Victoria Mousley honored for academic success and commitment to the deaf community
June 8th, 2016 by 

College of the Holy Cross student Victoria Mousley ’17, a psychology major with a self-designed minor in deaf studies and a concentration in gender, sexuality, and women’s studies from Jericho, Vt., was selected as a 2016 Harry S. Truman Scholar. The scholarship, a highly competitive, merit-based award offered to U.S. citizens and U.S. nationals from Pacific Islands who want to go to graduate school in preparation for a career in public service, provides winners up to $30,000, and was awarded to 54 college juniors this year.

“Victoria Mousley looks different from most Truman Scholars. Instead of the more traditional political service or the now-popular social entrepreneurship that characterizes many Truman winners, Victoria will be a neuroscientist who works on deaf studies and language acquisition to influence educational policy,” says Anthony Cashman, director of the Office of Distinguished Fellowships and Graduate Students. “Victoria will most likely pursue her Ph.D in neuroscience at Gallaudet University in Washington, D.C., where she is currently studying and researching, but she could use her scholarship to combine her Ph.D with a degree in public policy. With her talents and accomplishments, Victoria will have many options to serve the common good.”

Mousley was selected from among 775 applicants nominated by 306 colleges and universities. She is an active volunteer for Our Deaf Survivors Center, a non-profit located in Worcester, Mass. for deaf victims of domestic violence. She also volunteers as a teacher’s assistant at the Marie Philip School for the Deaf, the elementary school within The Learning Center for the Deaf in Framingham, Mass.

“I chose the [deaf studies] minor because I fell in love with the deaf community my freshman year, and I wanted to make that love a prominent part of my educational curriculum at Holy Cross,” Mousley says. “My classes under the deaf studies minor allowed me to prepare for my most recent semester at Gallaudet University, which was truly life changing.”

Mousley spent her spring 2016 semester studying at Gallaudet, the only liberal arts university for deaf and hard of hearing students in the world. During her semester Victoria worked part-time as a personal research assistant to Dr. Laura-Ann Petitto, a cognitive neuroscientist who is co-principal investigator and Science Director of the National Science Foundation’s Science of Learning Center, Visual Language and Visual Learning (VL2). Dr. Petitto also serves as Scientific Director of the Brain and Language Laboratory for Neuroimaging, which is dedicated to studying bilingualism, visual language, and reading. Mousley will continue to conduct research alongside Dr. Petitto during the summer and fall of 2016. Her future research goals involve studying the neuroscience of language, applying that research to the education of deaf and hard-of-hearing (HoH) children, and informing education policies for deaf and HoH children.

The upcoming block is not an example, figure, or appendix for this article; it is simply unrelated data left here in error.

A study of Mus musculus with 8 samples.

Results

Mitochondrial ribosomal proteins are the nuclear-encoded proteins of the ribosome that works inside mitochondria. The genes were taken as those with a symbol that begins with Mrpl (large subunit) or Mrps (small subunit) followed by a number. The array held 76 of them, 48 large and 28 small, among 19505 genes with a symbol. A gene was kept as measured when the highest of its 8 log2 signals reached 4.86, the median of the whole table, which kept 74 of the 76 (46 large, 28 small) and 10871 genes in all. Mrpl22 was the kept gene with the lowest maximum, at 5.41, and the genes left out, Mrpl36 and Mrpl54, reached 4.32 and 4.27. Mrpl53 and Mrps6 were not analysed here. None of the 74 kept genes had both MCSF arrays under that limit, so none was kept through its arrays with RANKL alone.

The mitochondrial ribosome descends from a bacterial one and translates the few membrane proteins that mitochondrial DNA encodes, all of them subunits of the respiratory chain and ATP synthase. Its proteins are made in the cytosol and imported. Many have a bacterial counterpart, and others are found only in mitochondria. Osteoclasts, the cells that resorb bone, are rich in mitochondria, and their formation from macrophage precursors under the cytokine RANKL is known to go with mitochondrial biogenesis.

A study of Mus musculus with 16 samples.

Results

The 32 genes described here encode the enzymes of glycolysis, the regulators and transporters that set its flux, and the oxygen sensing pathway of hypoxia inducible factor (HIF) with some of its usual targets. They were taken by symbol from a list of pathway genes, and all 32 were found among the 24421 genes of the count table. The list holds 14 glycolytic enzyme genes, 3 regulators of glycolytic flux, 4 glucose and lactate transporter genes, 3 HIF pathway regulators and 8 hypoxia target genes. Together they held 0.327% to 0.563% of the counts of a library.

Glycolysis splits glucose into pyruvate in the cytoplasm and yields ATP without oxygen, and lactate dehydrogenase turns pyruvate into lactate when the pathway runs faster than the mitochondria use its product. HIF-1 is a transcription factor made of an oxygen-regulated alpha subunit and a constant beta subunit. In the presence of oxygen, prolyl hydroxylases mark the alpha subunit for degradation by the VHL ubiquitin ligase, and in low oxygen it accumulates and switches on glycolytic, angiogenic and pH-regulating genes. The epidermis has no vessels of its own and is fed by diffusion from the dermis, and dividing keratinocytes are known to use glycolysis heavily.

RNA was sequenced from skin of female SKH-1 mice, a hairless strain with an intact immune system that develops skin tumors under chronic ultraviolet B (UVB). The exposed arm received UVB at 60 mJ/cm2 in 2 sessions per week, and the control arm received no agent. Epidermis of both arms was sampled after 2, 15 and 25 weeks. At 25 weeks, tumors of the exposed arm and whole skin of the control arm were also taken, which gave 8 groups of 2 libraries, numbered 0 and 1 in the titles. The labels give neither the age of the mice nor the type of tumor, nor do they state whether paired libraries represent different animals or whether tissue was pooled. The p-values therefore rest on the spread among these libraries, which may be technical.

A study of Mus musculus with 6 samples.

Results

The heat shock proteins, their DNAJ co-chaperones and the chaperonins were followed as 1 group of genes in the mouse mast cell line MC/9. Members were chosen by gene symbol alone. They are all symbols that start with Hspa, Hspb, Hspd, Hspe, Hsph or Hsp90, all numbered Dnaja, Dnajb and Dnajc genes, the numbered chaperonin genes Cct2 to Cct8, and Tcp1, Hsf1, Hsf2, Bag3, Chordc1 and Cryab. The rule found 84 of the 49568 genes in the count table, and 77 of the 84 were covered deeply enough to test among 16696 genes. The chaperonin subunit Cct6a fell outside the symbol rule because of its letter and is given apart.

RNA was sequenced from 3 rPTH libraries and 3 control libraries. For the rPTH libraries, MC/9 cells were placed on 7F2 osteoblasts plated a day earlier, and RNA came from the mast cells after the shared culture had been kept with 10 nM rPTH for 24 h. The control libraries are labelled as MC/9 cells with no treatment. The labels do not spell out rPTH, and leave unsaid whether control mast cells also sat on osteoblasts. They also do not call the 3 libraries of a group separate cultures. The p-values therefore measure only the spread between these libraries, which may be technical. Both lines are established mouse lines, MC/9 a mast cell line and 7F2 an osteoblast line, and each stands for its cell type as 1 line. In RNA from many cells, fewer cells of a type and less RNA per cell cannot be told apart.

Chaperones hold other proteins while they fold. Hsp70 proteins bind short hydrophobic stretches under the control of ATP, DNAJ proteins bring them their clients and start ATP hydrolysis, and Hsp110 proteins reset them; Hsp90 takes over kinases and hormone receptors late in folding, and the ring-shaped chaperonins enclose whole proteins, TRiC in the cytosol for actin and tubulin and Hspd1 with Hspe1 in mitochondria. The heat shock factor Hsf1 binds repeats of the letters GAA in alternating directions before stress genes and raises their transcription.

Mousley, a member of the College Honors Program, is the sixth student from Holy Cross to earn a Truman Scholarship. Most recently, Jeffrey Reppucci ’14, founder and president of the non-profit organization Students Helping Children Across Borders, and founder of Working for Worcester, an initiative that provides infrastructure improvements to Worcester’s recreational spaces, received the award in 2013.

In addition to money for graduate studies, Truman Scholars also receive priority admission and supplemental financial aid at some premier graduate institutions, leadership training, career and graduate school counseling, and special internship opportunities within the federal government.

The Truman Scholarship Foundation was established by Congress in 1975 as the federal memorial to our thirty-third President. The Foundation awards scholarships for college students to attend graduate school in preparation for careers in government or elsewhere in public service. The activities of the Foundation are supported by a special trust fund in the U.S. Treasury.